Released on Monday, the revised visitor code for residential aged care reiterates that residents are always permitted to have at least one essential visitor – regardless of a Covid outbreak.
Craig Gear – CEO of the Older Person’s Advocacy Network – told Australian Ageing Agenda there were still facilities ignorant of this.
“Some residential aged care homes are still unaware these guidelines exist – even though they have been reviewed and approved by peak provider organisations as well as consumer advocates,” he said.
Those peaks and advocate organisations include:
- Council on the Ageing Australia
- Older Person’s Advocacy Network
- Carers Australia
- Dementia Australia
- Federation of Ethnic Communities Council of Australia
- National Seniors Australia
- Palliative Care Australia
- Aged & Community Care Providers Association
- Anglicare Australia
- Baptist Care Australia
- Catholic Health Australia
- UnitingCare Australia.
First introduced in 2020 – the year the coronavirus pandemic hit – and finalised through public consultation, the Sector Code for Visiting in Aged Care adopts a human rights approach that aims to protect and respect both residents and their visitors.
And while the guts of the code remain unchanged, the latest revised version (7.2) has been simplified and updated to include:
- the National Covid-19 Health Management Plan 2023
- up-to-date vaccination advice from the Australian Technical Advisory Group on Immunisation
- clarification of Communicable Diseases Network Australia guidance for isolation and release from isolation processes.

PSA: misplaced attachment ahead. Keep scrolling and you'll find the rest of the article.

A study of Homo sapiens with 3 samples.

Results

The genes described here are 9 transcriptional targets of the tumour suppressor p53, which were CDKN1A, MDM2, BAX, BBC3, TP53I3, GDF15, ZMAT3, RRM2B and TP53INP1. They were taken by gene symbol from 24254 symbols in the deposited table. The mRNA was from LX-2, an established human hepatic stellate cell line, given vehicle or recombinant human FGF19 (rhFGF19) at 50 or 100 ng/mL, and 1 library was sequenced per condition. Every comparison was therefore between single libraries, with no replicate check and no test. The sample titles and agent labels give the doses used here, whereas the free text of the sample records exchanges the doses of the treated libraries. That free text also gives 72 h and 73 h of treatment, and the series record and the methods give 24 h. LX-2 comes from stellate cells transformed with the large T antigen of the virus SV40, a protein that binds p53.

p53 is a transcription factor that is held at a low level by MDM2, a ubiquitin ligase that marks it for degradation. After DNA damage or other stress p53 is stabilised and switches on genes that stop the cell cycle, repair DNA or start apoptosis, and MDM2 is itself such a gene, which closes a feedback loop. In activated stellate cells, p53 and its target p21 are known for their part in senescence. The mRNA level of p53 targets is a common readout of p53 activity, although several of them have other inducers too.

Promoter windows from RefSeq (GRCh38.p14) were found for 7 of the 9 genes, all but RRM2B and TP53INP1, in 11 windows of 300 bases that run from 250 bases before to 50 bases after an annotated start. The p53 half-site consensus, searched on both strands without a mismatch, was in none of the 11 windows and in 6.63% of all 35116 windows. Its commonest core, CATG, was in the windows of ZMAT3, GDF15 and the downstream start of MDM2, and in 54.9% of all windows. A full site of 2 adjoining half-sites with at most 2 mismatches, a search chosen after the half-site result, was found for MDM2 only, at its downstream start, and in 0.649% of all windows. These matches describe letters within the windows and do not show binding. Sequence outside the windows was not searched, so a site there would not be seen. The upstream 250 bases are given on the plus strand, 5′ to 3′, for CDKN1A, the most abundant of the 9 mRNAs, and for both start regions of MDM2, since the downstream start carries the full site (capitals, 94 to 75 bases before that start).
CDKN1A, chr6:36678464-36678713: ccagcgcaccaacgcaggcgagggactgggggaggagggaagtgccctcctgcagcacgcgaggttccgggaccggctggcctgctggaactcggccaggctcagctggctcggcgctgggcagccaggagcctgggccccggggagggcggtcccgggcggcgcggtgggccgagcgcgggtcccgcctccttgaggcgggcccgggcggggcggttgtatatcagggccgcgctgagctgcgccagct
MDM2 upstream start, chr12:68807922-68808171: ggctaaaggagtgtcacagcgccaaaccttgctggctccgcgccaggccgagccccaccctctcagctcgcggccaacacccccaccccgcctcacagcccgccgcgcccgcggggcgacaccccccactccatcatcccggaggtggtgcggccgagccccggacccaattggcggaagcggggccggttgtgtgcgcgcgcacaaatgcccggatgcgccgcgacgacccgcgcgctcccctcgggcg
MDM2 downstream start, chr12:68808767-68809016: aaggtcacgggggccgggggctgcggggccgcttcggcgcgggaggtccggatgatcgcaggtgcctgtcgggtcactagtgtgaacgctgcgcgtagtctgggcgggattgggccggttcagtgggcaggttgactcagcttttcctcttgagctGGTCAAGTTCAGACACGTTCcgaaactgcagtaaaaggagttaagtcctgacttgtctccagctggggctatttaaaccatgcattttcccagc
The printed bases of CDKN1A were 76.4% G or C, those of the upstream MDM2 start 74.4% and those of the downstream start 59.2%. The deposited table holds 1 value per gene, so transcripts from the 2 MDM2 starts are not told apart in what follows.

Perhaps, most importantly, the revised code maintains that: “All aged care residents, including those isolating, should have access to at least one essential visitor at all times … even during outbreaks or exposures.”
However, as Mr Gear told AAA, this isn’t always happening. “While most providers are facilitating essential visitors during outbreaks, OPAN is aware of a number of incidents in which residential aged care homes have instituted a disproportionate response to an outbreak of Covid or other viruses,” he said. “In one instance, a Partner in Care was refused access for over a week when the residential aged care home entered its third lockdown.”
While the code isn’t mandatory, the Aged Care Quality & Safety Commission may take regulatory action where access for essential visitors “is not adequately supported”.
With Covid-19 still very much impacting the aged care sector – as of 29 June, there were 1,684 Covid cases in 260 aged care homes across Australia – Mr Gear told AAA it was vital residents were allowed to interact with family and friends.
“There is clear evidence that social isolation has a major, detrimental impact on older people’s physical, mental and nutritional health,” he said. “The revised industry code for visiting aged care homes provides clear guidelines for balancing the risk of infection with the damaging consequences of isolation.”